Suppose the lens forms at some point off its axis an image of a cross. Suppose one of the elements of the cross to be on a radius from the center of the field, the other element parallel to a tangent. 4
The rays forming the images of these two elements of the cross are subject to somewhat different treatment in their passage through the lens. The curvature of the lens surfaces is on the whole greater with respect to the rays from the radial element than to those from the tangential element. They are therefore refracted more strongly and come to a focus nearer the lens. The arms of the cross are consequently not all in focus at once. This error, termed astigmatism, is rather well shown in Fig. 15, where the images of the outlying concentric circles are sharp in the radial, but blurred in the tangential direction.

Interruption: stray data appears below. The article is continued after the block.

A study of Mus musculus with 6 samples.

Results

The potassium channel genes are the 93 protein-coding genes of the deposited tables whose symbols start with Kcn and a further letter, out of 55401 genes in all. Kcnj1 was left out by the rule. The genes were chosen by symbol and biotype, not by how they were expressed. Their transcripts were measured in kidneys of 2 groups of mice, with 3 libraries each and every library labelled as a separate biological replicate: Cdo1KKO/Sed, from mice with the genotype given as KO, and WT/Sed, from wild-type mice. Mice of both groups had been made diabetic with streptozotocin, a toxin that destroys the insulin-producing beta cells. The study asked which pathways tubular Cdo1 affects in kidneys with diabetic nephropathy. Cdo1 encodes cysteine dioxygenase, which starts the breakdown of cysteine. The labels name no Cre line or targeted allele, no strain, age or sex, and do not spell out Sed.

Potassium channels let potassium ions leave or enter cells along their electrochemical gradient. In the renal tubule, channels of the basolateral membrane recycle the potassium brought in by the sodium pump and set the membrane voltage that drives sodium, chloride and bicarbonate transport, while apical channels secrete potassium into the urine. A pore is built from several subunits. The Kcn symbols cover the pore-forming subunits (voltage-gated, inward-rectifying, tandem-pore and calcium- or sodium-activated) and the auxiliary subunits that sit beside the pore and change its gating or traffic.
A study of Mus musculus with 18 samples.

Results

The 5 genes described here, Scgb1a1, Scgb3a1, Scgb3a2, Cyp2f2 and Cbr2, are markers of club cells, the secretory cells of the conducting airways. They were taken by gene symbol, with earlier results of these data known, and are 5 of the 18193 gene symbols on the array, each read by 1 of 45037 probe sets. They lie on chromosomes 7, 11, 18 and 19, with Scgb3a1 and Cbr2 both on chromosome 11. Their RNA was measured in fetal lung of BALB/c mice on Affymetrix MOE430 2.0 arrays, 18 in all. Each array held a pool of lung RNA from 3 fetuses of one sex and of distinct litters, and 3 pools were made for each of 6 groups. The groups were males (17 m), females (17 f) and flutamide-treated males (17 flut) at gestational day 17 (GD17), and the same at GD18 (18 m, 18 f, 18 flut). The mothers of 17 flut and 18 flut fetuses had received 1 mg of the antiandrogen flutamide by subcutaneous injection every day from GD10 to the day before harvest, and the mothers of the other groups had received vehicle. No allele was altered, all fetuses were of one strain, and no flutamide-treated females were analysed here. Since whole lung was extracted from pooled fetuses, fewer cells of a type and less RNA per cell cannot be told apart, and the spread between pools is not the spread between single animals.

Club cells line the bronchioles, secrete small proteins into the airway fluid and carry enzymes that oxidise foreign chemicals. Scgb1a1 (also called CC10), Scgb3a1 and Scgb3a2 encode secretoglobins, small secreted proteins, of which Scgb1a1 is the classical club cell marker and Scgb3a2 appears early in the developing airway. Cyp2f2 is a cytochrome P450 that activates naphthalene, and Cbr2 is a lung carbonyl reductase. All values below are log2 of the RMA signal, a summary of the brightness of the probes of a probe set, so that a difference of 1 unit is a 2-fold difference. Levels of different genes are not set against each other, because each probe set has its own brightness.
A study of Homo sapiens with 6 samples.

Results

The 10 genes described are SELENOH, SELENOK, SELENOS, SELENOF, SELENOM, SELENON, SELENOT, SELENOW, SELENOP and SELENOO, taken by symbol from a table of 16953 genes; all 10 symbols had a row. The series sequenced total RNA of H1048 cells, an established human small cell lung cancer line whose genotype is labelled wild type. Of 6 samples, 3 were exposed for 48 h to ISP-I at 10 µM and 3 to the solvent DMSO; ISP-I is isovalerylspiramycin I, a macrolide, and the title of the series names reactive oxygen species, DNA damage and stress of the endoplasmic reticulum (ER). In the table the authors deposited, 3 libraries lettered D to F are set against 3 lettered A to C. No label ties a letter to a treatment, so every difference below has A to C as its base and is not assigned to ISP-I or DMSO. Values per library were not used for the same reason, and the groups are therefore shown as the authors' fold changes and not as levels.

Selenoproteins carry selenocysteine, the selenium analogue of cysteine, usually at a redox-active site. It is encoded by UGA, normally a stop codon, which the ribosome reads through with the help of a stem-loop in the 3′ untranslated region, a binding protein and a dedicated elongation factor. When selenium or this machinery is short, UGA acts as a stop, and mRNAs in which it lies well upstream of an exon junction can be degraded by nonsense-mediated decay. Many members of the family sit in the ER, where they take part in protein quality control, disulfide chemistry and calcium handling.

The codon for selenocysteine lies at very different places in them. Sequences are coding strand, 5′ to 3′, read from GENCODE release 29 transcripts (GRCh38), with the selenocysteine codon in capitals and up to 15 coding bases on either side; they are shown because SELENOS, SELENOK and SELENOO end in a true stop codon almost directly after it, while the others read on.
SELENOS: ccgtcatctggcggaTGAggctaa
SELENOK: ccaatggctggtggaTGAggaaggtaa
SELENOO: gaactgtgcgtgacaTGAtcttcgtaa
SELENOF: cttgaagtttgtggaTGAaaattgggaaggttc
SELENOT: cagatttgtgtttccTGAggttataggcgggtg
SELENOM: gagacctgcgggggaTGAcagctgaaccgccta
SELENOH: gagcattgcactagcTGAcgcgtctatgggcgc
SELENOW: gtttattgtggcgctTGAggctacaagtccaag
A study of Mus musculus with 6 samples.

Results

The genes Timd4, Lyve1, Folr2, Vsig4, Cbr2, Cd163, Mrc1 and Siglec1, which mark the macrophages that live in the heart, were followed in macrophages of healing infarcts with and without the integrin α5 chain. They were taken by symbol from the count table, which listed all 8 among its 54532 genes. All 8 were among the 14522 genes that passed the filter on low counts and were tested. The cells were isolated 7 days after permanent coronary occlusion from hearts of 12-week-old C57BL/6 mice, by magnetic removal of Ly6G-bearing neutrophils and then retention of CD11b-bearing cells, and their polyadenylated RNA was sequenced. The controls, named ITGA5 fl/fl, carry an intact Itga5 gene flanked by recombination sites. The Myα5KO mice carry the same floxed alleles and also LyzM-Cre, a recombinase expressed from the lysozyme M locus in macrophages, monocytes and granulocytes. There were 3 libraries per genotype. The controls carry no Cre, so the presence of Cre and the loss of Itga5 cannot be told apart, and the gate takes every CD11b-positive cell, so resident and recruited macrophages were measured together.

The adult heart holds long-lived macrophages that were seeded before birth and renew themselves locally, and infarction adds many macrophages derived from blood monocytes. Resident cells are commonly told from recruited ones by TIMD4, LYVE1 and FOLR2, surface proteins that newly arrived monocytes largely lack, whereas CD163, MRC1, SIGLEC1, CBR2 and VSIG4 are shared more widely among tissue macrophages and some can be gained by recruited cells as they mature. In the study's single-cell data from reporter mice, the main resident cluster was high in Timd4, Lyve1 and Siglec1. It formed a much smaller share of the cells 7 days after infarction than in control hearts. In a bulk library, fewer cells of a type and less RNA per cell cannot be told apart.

Fig. 15. - Photograph of a lens testing chart, showing failure in defining power outside area for which the lens is calculated.
Astigmatism can be largely compensated for, and its character controlled. The most usual correction brings the two images in focus together both at the axis, and on a circle at some distance out. This second locus of coincidence may or may not be in the same plane as the first, depending on which disposition produces the best average correction. The mean between the two foci determines the focal plane of the lens, which is in general somewhat curved. The covering power of a lens is given by the size of the field which is sufficiently flat and free from astigmatism for' the purpose for which the lens is used. This is largely determined by the astigmatism, but the other aberrations are also important.